Why Hasn't Technology Saved Healthcare

Griffin Mulcahey April 5, 2018
Why Hasn't Technology Saved Healthcare

A whispered quote by an anonymous executive of a national telemedicine company at recent HealthTech conference…

“Great doctors are the real scarcity for our industry.”

This is a harsh reality the technology focused digital health industry has avoided acknowledging. The reality mirrored by our national health system facing a projected shortage of 80,000 physicians over the next decade.

Digital Health companies have failed to engage the best and brightest experts in the medical field. Companies often find great physicians to work as medical directors or serve on advisory boards, but when it comes to delivering care they haven’t engaged with high caliber candidates to the same extent as their brick and mortar health system counterparts.

Where are the Outcomes?

Every advancement in healthcare is measured by the triple aim: 1) improve access, 2) lower cost, and 3) improve outcomes.

The silicon valley companies shifting from social consumer products into healthcare over the last decade have focused on what they know how to control and measure - improving access in the form of consumer engagement. And, the ‘price” per visit seems to lower costs when compared side by side to traditional healthcare.

However, the early research is muddled as best on the (3) improving outcomes, which in the end is the key to lowering cost.

A 2017 Rand study analyzed 300,000 telemedicine visits from 2011-2013. The study found “Like some other new patient care models that promise to cut costs and reduce the hassle of receiving medical care, it appears that in some cases, direct-to-consumer Telehealth may increase spending rather than trim costs.”

The problem - consumers are using telemedicine and digital health services without getting healthier outcomes. Which, eventually leads them to spend more money on additional healthcare.

The Rand group’s solution? Make telehealth more expensive so people use it less. This seems counterintuitive for actually making people healthier.

Another study, 2016 Scripps Wired for Health, followed a patient cohort using digital health tools to self-monitor their own health for 6 months. The study found, “no clinical or economic benefit from digital health monitoring,” Ouch.

But this shouldn’t be a surprise at all. Human nature, we’re not great self-monitors. We need help, nudges from experts, and an engaging experience to drive change.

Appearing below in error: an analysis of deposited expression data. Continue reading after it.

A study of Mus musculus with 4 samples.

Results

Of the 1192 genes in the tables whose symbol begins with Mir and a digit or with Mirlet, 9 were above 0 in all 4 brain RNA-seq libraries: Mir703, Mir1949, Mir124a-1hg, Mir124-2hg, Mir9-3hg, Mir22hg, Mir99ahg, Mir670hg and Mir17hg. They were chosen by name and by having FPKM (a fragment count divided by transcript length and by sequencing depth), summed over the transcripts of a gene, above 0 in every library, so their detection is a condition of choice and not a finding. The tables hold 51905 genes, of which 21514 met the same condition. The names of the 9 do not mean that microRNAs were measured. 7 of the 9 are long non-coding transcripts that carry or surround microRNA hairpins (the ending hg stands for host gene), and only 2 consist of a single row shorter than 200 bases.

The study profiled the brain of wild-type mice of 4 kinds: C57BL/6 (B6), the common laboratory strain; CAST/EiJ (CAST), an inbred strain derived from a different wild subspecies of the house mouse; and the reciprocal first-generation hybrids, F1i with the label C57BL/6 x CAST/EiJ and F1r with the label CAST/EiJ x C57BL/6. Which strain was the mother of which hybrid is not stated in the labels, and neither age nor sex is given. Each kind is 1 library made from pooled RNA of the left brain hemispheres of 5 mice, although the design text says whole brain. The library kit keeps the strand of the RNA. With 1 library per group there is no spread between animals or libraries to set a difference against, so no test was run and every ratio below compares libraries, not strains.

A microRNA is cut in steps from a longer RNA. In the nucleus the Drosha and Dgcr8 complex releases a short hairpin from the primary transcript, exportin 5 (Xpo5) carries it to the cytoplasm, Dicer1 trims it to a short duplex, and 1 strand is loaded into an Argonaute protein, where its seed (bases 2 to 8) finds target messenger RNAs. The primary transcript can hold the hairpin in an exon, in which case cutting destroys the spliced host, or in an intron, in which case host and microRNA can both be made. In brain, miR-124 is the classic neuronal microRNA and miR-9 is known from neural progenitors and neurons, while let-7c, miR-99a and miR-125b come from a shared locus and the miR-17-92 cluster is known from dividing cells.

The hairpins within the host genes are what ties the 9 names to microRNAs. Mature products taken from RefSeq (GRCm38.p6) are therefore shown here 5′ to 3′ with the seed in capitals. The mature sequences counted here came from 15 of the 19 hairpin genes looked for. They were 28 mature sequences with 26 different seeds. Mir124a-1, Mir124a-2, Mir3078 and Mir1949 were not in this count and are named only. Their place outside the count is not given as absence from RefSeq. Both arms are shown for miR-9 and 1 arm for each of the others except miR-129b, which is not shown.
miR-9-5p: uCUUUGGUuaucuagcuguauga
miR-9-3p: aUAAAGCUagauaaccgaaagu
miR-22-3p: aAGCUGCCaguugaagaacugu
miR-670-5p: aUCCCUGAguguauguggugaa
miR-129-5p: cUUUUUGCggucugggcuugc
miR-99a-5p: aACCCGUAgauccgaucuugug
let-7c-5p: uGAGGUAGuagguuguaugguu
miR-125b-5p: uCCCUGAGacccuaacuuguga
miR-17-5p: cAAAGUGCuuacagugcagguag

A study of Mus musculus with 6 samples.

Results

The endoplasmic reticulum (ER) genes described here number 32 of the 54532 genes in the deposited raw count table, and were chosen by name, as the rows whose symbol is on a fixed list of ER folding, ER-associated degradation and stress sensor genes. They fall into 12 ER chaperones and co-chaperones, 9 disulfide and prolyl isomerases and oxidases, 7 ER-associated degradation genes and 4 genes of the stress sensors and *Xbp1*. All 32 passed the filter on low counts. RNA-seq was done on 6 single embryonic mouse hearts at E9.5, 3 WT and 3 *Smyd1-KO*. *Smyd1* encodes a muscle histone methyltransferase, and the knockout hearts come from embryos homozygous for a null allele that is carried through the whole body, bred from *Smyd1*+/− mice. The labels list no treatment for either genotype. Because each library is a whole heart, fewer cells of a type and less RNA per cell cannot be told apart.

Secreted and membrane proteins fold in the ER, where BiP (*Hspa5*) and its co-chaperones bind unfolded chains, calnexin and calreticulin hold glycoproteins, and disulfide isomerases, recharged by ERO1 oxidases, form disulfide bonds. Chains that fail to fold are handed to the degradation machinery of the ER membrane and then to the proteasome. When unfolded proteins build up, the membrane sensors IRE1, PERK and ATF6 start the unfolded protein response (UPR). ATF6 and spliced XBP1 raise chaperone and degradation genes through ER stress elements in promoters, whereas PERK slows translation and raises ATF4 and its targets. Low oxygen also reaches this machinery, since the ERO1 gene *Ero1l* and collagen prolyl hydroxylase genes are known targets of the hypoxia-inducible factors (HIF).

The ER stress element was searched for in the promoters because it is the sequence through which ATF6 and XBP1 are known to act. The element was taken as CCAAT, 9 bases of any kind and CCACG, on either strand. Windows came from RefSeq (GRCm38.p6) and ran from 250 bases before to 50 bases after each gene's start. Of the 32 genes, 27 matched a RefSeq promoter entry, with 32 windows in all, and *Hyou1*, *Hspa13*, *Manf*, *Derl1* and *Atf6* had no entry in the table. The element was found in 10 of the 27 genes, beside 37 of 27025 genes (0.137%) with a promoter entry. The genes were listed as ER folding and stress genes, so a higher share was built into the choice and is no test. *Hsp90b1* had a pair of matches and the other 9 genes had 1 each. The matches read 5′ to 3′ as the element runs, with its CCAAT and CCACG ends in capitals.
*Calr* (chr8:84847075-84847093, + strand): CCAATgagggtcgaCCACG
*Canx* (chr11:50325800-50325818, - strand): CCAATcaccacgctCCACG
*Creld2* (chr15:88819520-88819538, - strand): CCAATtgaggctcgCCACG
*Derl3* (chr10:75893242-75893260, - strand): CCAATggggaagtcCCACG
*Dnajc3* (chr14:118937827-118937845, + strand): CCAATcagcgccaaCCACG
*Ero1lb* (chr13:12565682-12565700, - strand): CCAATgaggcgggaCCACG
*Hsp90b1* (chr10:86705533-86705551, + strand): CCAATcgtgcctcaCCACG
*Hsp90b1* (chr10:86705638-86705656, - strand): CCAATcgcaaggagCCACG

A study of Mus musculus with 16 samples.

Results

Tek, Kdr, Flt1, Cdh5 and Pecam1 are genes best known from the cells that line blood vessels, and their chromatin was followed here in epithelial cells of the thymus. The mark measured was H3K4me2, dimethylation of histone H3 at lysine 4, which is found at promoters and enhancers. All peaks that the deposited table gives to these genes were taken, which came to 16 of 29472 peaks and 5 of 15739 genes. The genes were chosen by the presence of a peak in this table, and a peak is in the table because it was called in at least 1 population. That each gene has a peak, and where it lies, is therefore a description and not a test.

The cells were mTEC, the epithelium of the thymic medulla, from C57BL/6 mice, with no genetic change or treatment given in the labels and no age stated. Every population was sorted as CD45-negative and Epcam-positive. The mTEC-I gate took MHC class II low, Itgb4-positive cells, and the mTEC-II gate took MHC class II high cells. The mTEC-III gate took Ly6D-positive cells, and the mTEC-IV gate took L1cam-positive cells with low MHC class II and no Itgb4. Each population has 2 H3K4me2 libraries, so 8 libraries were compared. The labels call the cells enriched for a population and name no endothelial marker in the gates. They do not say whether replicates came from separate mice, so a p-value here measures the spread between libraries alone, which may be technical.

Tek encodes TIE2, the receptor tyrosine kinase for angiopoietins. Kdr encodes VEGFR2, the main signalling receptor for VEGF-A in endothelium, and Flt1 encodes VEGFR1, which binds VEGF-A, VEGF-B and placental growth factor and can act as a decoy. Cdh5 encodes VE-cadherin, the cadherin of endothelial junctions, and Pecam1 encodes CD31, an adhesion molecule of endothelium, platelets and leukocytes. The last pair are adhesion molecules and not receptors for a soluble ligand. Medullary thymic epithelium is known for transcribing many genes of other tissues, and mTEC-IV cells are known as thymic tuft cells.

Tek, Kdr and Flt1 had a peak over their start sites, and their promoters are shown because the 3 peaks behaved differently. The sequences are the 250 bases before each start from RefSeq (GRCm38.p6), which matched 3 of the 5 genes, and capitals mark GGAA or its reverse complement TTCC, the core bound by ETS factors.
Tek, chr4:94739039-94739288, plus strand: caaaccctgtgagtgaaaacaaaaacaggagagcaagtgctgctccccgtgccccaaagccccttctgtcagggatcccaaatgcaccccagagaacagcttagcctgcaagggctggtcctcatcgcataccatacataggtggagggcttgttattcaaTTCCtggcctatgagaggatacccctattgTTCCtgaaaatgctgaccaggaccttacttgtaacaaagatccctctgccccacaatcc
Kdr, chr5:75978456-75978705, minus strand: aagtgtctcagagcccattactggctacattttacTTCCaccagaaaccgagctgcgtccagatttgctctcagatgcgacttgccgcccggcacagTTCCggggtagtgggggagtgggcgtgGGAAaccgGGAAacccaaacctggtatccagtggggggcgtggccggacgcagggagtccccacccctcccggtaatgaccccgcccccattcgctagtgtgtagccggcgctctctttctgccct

“There are a few possible explanations for the failure of digital health devices to impact outcomes or costs in this trial… Another is that this study more or less tested the effect of monitoring itself, although there were nurses and coaches made available to participants.”

Technology without people helping to implement it fails again.

It’s a people problem, stupid

The anonymous telehealth executive hinted at the real truth - technology focused digital health companies need better clinicians to deliver care, not just better technology.

We’ve all experienced it in any walk of life - a technology product eventually stops working or disappoints. You try customer service in hopes of talking to a person who can actually help. If that fails, you move on to another product and start the process over. Spending money for the same services, again. The only way to break that cycle is hands on human accountability.

Medical care is this magnified 1000x. The person on the other end of the line in healthcare has 12 years of expert clinical training! Technology can help increase access, and AI can even streamline diagnosis, but in the end a highly skilled creative clinical mind must be on the other end of the medical treatment.

Great medical outcomes - whether for urgent care or a specialist issue, requires a great medical mind in concert with the best technology.

From 2011 to 2017, HealthTech companies have operated with the hubris that the tech will solve the problem. They have treated medical professionals like Uber drivers, as if interchangeable to get the patient from point A to point B of their product experience.

Many technology companies have failed to actively recruit, train and implement their products alongside of the medical professionals who ultimately implement their products.

In 2018, a handful of forward thinking executives have seen ahead of the curve to active find the best clinical experts. They realize all the tech tools can’t solve this people problem.